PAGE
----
Legal battles continue to hamper full recovery, but Ormond Heritage is moving on.
In sharp contrast to the scene in November, when the lobby at Ormond Heritage Condominiums contained air scrubbers and plastic tarps warning residents of mold, today, the lobby is pleasant, with the scent of pine wafting from the Christmas tree and tinsel decorating the window ledges.
The changes are a result of the new board of directors, whose first action after the Nov. 4 election was to begin the process of removing Paramount Disaster Recovery LLC's scrubbers and the company's trailer, which had been stationed in the condominium's parking lot for 15 months as a constant reminder of not only the lingering damages sustained from Hurricane Matthew, but also as a reminder of the ongoing lawsuit between Paramount and the residents' insurance companies. During those 15 months, residents faced the fear of being evicted if Paramount could prove that mold was still a problem in the condos, which is why many doors still have paper signs taped up citing Florida Statutes that essentially say, "Keep out."
The new board gave Paramount 48 hours to remove the scrubbers and 14 days to get their trailer off the property. The air scrubbers were ultimately taken out by Ormond Heritage and the trailer towed away.
The result? Board Secretary Rich Ryan said he's not sure what the outcome of the board's actions will be with Paramount, but lately there has been a change of attitude among the residents. He said people are more united.
“You can feel it in the room when the owners are present," Ryan said.
Board President Jerry Cutter called the boost in morale the board's greatest achievement to date and that their actions have shown residents there is hope to restore the condominiums to normal.
"We have put Paramount on notice that they do not control the Ormond Heritage, and that’s a big change in the attitude,” Cutter said.
Paramount's impact on Ormond Heritage
Six months after Hurricane Matthew battered the East Coast, Ormond Heritage residents where gathered into the ballroom where Paramount's Joe Radcliff ordered residents to vacate their units immediately due to the discovery of mold by AirQuality Assessors.
“It was hysteria," Cutter said.
He said many of the residents did not receive their AirQuality reports that night to inform them if their specific units were affected. When Cutter asked what would happened if he stayed, he said that Paramount told him the Board of Health would be contacted to condemn his apartment and the sheriff would be contacted to physically evict him.
Paramount declined to comment for this story but directed the Ormond Beach Observer to contact the company's attorney. The attorney did not respond to multiple voicemails.
Cutter got a second opinion to see if there was mold in his unit, and that company found his unit was not affected. It took him two months to get the original AirQuality report.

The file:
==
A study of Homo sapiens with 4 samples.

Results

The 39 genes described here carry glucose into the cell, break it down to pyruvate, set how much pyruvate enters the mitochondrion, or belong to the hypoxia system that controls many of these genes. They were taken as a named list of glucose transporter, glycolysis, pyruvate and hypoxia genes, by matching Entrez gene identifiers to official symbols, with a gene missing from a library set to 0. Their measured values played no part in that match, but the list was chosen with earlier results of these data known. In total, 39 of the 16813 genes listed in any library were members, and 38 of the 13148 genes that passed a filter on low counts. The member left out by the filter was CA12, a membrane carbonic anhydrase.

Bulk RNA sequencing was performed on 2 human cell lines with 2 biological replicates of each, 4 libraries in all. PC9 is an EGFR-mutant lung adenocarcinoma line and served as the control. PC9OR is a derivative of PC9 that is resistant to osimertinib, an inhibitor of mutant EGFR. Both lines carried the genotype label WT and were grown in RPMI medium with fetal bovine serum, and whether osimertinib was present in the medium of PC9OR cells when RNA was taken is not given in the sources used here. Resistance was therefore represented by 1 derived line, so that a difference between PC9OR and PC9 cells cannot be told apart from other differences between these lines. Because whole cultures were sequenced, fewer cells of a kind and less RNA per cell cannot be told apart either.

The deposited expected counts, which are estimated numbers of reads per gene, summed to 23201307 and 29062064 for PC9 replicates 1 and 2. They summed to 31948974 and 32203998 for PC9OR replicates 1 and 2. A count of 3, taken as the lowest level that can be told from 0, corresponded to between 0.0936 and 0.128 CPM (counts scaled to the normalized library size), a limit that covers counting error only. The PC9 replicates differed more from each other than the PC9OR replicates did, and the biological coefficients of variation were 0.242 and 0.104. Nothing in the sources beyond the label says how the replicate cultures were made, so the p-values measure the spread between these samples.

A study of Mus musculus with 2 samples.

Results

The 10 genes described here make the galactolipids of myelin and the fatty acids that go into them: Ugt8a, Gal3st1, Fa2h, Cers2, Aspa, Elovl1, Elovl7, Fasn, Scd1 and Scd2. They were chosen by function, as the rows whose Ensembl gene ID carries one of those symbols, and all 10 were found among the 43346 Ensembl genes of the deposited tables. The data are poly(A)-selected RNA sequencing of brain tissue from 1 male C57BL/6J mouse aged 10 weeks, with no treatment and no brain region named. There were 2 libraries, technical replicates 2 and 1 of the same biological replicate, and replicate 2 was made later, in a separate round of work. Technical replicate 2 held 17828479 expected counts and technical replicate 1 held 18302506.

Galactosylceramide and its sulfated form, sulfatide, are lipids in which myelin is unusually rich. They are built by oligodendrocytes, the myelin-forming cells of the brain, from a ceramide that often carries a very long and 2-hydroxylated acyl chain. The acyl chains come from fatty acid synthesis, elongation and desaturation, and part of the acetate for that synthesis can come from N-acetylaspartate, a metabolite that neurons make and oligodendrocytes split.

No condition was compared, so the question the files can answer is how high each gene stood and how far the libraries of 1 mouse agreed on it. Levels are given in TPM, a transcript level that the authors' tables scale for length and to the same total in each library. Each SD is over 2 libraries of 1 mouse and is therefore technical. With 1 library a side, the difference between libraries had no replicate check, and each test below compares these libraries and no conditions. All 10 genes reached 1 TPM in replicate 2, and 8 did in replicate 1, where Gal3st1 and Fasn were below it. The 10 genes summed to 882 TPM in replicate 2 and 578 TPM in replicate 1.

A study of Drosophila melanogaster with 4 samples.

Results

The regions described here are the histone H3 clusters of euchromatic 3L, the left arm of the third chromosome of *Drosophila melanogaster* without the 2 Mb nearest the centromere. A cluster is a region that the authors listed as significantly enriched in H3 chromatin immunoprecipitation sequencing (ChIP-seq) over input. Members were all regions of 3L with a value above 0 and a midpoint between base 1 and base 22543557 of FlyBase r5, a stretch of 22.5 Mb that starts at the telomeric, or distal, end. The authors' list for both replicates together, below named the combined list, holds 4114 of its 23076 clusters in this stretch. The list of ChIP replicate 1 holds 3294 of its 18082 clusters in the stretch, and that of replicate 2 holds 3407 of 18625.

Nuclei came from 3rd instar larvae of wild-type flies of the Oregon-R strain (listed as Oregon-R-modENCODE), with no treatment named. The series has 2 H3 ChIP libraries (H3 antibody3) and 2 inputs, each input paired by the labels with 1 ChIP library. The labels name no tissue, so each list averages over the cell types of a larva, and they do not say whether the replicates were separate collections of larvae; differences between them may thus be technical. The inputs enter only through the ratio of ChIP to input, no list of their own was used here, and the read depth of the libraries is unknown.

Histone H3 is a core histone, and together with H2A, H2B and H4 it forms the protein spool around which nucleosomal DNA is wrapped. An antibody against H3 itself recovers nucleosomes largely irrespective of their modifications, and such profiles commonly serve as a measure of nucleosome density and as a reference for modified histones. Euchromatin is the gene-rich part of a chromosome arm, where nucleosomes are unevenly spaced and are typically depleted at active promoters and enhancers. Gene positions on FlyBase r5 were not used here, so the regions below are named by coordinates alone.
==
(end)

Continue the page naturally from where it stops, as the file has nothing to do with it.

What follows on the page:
Ryan said some units were found to have mold, but that it was nowhere near the number they were told initially by Paramount. In November of this year, only 11 units out of the 156, or 7%, were found to have mold.
Ormond Heritage resident Linda Lampman said the outside community seems to think the entire condominium has been evacuated, but that is not the case. Hurricanes did cause damage, but life goes on, and repairs are being made.
Cutter said that when he countered the mold claim, Paramount remove all equipment from his condominium.
“They didn’t argue, which is to me a very important feature," Cutter said. "If you questioned what they did, they did not contest and say, 'We want a third opinion.'”
Hurricane Matthew repairs at a standstill
While the new board has decided that the interior of the condominiums are not under Paramount's current jurisdiction, the disaster relief company still has an outstanding claim over the roof repairs and exterior walls, which the company initially wanted to gut.
Fifteen months have passed since the hurricane, and no permanent roof repairs have been made. Instead, Paramount is currently in federal court in Orlando due to its lawsuit with the residents' insurance companies. Because Cutter, Ryan, Lampman and the rest of the Ormond Heritage residents under the old Board of Directors' direction signed an Assignment of Benefits contract, which hands over all rights to a third party to handle insurance claims, they are not privy to the details of the case.
Had Ormond Heritage not signed away its rights, would the roof be repaired by now? Certainly, said Cutter.
Cutter was involved in the process of putting in a new roof at Ormond Heritage in 2014. It took less than four months.
Ryan added: "If there’s an agreement made, and Paramount gets a settlement, and they are able to be financed to do the real work that needs to be done here that was caused by Hurricane Matthew, I’m rooting for them. I hope that they do receive something, but that’s yet to be determined.”
Return to normal
In the short time since the new board has been active, new common areas have been opened, and the repairs of the main offices are underway.
The board is working on repairing the affected units, and, if all goes well, Cutter said everyone could be back in their units in the next 30 days.
Lampman said the ordeal the residents went through has resulted in a support system of residents. They're slowly getting back to normal, she said.
On Cutter's floor in the South Tower of the Ormond Heritage, Christmas figurines line the walls, and holiday wreaths adorn the unit doors. In a few of the doors, the wreaths surround the sign stating state code to keep unwanted visitors from coming inside.
“We’re not letting Paramount rule our life, and that’s what was happening last year,” Lampman said.